Curated by Jacqueline Kok
Artists: Chen I-Chun & Huo He-Lin, Kerry Downey, EASTWOOD, Józef Gałązka, Yazan Khalili, Antonia Low, Jillian Mayer, Stephanie Owens, Aya Rodriguez-Izumi, Caroline Sinders & Mani Nilchiani, Justin Sterling
Location: Pfizer Building, 630 Flushing Avenue, Brooklyn, NY 11206
Opening reception: April 19, 2018, 6-9 pm
Exhibition dates: April 19-May 4, 2018
To schedule an appointment to view the exhibition, please contact Jacqueline Kok at firstname.lastname@example.org
MA Curatorial Practice at the School of Visual Arts is pleased to present Bric-a-Brac, curated by Jacqueline Kok. An international group exhibition that points to experimentation in the world at large, Bric-a-Brac explores the implications of social interaction within the shifting global geopolitical order of the digital age. As information technologies beget new kinds of multi-directional communication flows, many of which indicate an exacerbation of polarized thoughts and perspectives, it becomes compelling to examine the changes and/or reinforced behavior that occur in social protocols in and beyond information networks.
Some of the works portray the positions people now find themselves during this radical time of change. Jillian Mayer’s colourful bulky furniture responds to our intimate dependency on technological devices while Justin Sterling’s fire hydrants and cone exemplify the ways in which humans adapt to new hierarchies in socio-economically changing locations. Jozef Galazka’s Laöcoon-inspired bronze statue of road workers demonstrates impending anxiety over power in structures of labor, whereas Caroline Sinders and Mani Nilchiani explore similar fears by proposing a future with new surveillance devices through their VR game. Yazan Khalili uses recent technology to evoke the colonial nature of photo documentation and evidence whereas Antonia Low’s digitally printed curtains of enlarged stone stairs trap viewers in a pseudo-reality. Kerry Downey’s video of a silhouette of their hands and a handlebar poetically suggests that a new form of governance and the possibilities of confronting polarization lie in taking a distanced stance from our normalized expectations.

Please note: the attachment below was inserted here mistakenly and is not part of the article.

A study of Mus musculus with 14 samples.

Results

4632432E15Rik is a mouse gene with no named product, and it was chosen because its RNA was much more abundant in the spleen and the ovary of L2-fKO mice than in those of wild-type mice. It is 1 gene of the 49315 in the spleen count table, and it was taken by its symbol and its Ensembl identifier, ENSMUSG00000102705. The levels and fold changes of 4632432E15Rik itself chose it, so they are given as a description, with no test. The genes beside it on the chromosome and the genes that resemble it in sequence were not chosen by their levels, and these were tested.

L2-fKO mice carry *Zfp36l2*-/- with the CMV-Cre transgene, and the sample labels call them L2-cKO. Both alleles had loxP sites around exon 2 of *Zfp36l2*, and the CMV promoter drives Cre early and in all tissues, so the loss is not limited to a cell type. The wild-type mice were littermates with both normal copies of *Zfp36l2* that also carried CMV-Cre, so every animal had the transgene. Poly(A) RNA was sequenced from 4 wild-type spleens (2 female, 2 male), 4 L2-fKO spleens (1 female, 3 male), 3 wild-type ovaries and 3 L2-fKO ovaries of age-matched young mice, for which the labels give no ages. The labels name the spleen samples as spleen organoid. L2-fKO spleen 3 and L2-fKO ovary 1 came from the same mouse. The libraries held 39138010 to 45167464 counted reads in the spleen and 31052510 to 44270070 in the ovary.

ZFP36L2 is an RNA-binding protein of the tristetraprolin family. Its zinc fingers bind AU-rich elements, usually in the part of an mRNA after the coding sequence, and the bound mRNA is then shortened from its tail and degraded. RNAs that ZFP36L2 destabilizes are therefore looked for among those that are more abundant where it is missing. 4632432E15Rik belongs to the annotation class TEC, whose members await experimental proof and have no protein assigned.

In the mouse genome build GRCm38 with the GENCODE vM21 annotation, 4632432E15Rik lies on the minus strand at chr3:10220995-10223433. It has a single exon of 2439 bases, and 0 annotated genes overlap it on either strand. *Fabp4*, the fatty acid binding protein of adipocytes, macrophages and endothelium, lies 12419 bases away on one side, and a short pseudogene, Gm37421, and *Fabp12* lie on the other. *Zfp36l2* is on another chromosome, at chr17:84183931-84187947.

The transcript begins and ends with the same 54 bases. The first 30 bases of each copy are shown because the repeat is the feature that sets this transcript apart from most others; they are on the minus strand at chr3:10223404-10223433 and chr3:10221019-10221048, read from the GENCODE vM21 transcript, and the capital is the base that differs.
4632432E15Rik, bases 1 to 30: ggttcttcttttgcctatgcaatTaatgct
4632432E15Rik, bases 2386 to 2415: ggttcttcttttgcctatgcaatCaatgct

Other pieces question the nature of our decision-making logic, highlighting algorithmic culture and systematic protocols as influential factors. Chen I-Chun and Luo He-Lin’s invitation to scan their QR codes puts viewers in a Prisoner’s Dilemma as the action prompts a denial-of-service attack that blocks others from the Internet. Similarly, EASTWOOD’s own version of Civilization VI breaks down issues of cyber-warfare and algorithmic non-human agents by asking players to choose to be the head of secret service agencies or organizations. Aya Rodriguez-Izumi’s performance blurs the notion of protocol and legality by distributing fake IDs to voluntary participants, and finally, Stephanie Owens’ projection of paired reCAPTCHA words humorously offers potential for virtual romance.
Conceived from observation and analysis of how information technologies have changed the ways we perceive, collect, receive and disseminate information, Bric-a-Brac pushes viewers, users, and participants to evaluate how individual actions may or may not reflect social surroundings; how echo chambers are created; how choices are possibly “manufactured.” Perhaps by calling for a deeper level of engagement, we can begin to critically think about how these political shifts, coupled with algorithms and protocols can inform us of a new social horizon, for better or for worse.
Image: Justin Sterling, Let it Burn, 2016, SoHo fire hydrant, Williamsburg fire hydrant, rope. Image courtesy of the artist; on view at Bric-à-Brac, curated by Jacqueline Kok.